A restraining order - referred to as an injunction for protection in Florida - is issued by a civil court. These injunctions order the person against whom it is filed to refrain from either contacting you, contacting your children, or being within a specified distance of you. Restraining orders may also grant you temporary custody of your children or other related rights.
To obtain a restraining order in Florida, it is important to understand the requirements and steps in the process.
Requirements for Filing a Restraining Order in Florida
You do not have to have a personal relationship with the abuser to obtain a restraining order. Additionally, it is not necessary for any abuse to have already occurred in order to successfully obtain a restraining order.
Depending on the relationship you have with your abuser, you might qualify for a specific type of restraining order. There are specialty restraining orders for cases involving stalking violence, repeat violence, sexual violence, or dating violence.
In cases of domestic violence, you can get a restraining order against:
- A spouse
- An ex-spouse
- An individual related to you by blood or marriage
- Someone who is living with you or has lived with you in the past
- The parent of your child, regardless if you have lived together or been married
Domestic violence injunctions for protection are issued to those who have been the victim of domestic violence or or otherwise in immediate danger of becoming a victim.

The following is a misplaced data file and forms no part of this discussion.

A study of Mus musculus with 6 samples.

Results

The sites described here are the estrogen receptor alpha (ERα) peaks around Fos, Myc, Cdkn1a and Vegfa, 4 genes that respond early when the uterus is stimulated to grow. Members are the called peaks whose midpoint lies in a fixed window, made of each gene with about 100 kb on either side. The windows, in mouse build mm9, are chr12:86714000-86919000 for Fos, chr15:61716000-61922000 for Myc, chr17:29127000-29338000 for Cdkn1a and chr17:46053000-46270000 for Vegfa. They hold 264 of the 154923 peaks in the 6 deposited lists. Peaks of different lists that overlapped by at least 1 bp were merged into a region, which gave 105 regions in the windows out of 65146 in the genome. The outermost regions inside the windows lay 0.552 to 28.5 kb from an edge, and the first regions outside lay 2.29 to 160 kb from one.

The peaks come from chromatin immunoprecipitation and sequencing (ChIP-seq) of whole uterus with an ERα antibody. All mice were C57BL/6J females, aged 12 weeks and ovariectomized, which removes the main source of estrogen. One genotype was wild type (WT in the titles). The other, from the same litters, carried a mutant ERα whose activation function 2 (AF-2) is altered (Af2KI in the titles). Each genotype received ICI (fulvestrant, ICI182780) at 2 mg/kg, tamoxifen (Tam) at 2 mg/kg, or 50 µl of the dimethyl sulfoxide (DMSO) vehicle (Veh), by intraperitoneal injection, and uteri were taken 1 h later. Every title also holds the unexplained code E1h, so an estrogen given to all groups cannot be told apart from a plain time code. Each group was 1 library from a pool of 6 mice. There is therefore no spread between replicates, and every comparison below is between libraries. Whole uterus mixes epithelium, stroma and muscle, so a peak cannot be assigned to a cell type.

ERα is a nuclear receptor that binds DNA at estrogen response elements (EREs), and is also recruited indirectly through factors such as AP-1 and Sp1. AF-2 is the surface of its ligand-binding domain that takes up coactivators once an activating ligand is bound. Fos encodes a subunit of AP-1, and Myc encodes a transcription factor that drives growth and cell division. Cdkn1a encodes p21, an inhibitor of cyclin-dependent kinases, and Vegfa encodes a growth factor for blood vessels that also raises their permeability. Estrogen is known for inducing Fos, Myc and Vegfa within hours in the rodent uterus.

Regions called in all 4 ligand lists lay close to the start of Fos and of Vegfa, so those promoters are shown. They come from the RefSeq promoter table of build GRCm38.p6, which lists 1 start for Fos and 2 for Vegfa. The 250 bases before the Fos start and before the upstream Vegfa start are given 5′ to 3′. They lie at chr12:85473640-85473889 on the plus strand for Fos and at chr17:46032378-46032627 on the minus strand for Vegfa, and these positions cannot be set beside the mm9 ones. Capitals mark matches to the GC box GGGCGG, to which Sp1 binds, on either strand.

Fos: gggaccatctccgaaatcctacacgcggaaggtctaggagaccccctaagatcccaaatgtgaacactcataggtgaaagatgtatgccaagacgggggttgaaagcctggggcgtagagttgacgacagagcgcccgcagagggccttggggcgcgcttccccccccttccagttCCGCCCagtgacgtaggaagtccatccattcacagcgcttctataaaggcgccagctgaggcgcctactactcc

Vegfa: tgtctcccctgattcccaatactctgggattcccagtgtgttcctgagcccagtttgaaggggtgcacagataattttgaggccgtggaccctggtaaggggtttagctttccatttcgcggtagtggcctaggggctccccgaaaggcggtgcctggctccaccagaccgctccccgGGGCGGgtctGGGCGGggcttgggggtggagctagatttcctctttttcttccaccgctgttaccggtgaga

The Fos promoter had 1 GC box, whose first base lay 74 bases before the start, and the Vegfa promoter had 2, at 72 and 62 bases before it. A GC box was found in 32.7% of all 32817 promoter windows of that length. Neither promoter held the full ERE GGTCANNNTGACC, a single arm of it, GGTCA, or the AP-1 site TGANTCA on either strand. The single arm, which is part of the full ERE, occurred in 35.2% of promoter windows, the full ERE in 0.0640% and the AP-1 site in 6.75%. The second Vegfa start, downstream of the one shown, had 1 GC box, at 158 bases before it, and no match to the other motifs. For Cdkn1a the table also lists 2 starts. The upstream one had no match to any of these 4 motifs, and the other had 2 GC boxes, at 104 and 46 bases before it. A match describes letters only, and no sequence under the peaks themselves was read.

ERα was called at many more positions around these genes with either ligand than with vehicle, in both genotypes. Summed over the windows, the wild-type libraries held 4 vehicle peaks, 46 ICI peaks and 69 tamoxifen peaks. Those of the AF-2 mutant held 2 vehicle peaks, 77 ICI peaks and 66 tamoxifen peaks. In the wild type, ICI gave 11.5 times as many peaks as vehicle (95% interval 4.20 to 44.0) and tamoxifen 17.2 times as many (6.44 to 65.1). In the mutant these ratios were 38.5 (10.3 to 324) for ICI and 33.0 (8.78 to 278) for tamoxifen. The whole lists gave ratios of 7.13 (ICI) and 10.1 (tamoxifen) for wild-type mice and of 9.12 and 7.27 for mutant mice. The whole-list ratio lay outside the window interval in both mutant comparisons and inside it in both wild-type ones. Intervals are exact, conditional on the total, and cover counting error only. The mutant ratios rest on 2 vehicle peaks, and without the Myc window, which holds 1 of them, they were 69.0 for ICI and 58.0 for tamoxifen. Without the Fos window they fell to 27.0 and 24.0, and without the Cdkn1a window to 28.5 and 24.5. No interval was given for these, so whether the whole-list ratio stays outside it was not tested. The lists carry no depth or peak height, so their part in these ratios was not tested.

These are some of the factors a court will consider when deciding whether or not you are in imminent danger:
- Your history with the abuser, including stalking, threats, or harassment
- Any attempts they might have made to harm you, your family, or anyone else close to you
- Threats of kidnapping or harm to you or your child
- Use of or threats to use weapons against you
- If the abuser restrained you or kept you from calling the police
- If there was a prior order of protection against the abuser
- If the abuser destroyed your personal property
- If the abuser intentionally harmed a family pet
- Other actions that might lead you to believe you are in imminent danger
The Restraining Order Process
To get a restraining order, locate the appropriate court and file a petition. Once you file and sign the forms, you will receive a hearing date.
Immediately after filing your petition, it will be brought before the judge to determine if there is immediate, present risk of domestic violence. If this risk exists, the judge will issue a temporary, or ex parte, injunction. This injunction will start once your abuser is issued a copy of the order. A sheriff can notify your abuser, to ensure your safety.
Temporary injunctions have fixed time periods, usually no longer than fifteen days. Before the temporary injunction expires, the judge will hold a final hearing. During the final hearing, the judge will decide whether or not to issue a final restraining order. This final order will often include stronger protections than the temporary injunction, and will stay in effect for a longer period of time, if not indefinitely.
Our Attorneys Can Help You Obtain a Restraining Order
At Chesser & Barr, P.A., our attorneys have been committed to providing clients with results-oriented representation in family law matters for decades. If you believe you are unsure how to proceed with the process of obtaining a restraining order in a domestic violence case, our lawyers can help guide you through it.
Contact us today at (850) 610-7471 to learn more about your legal options.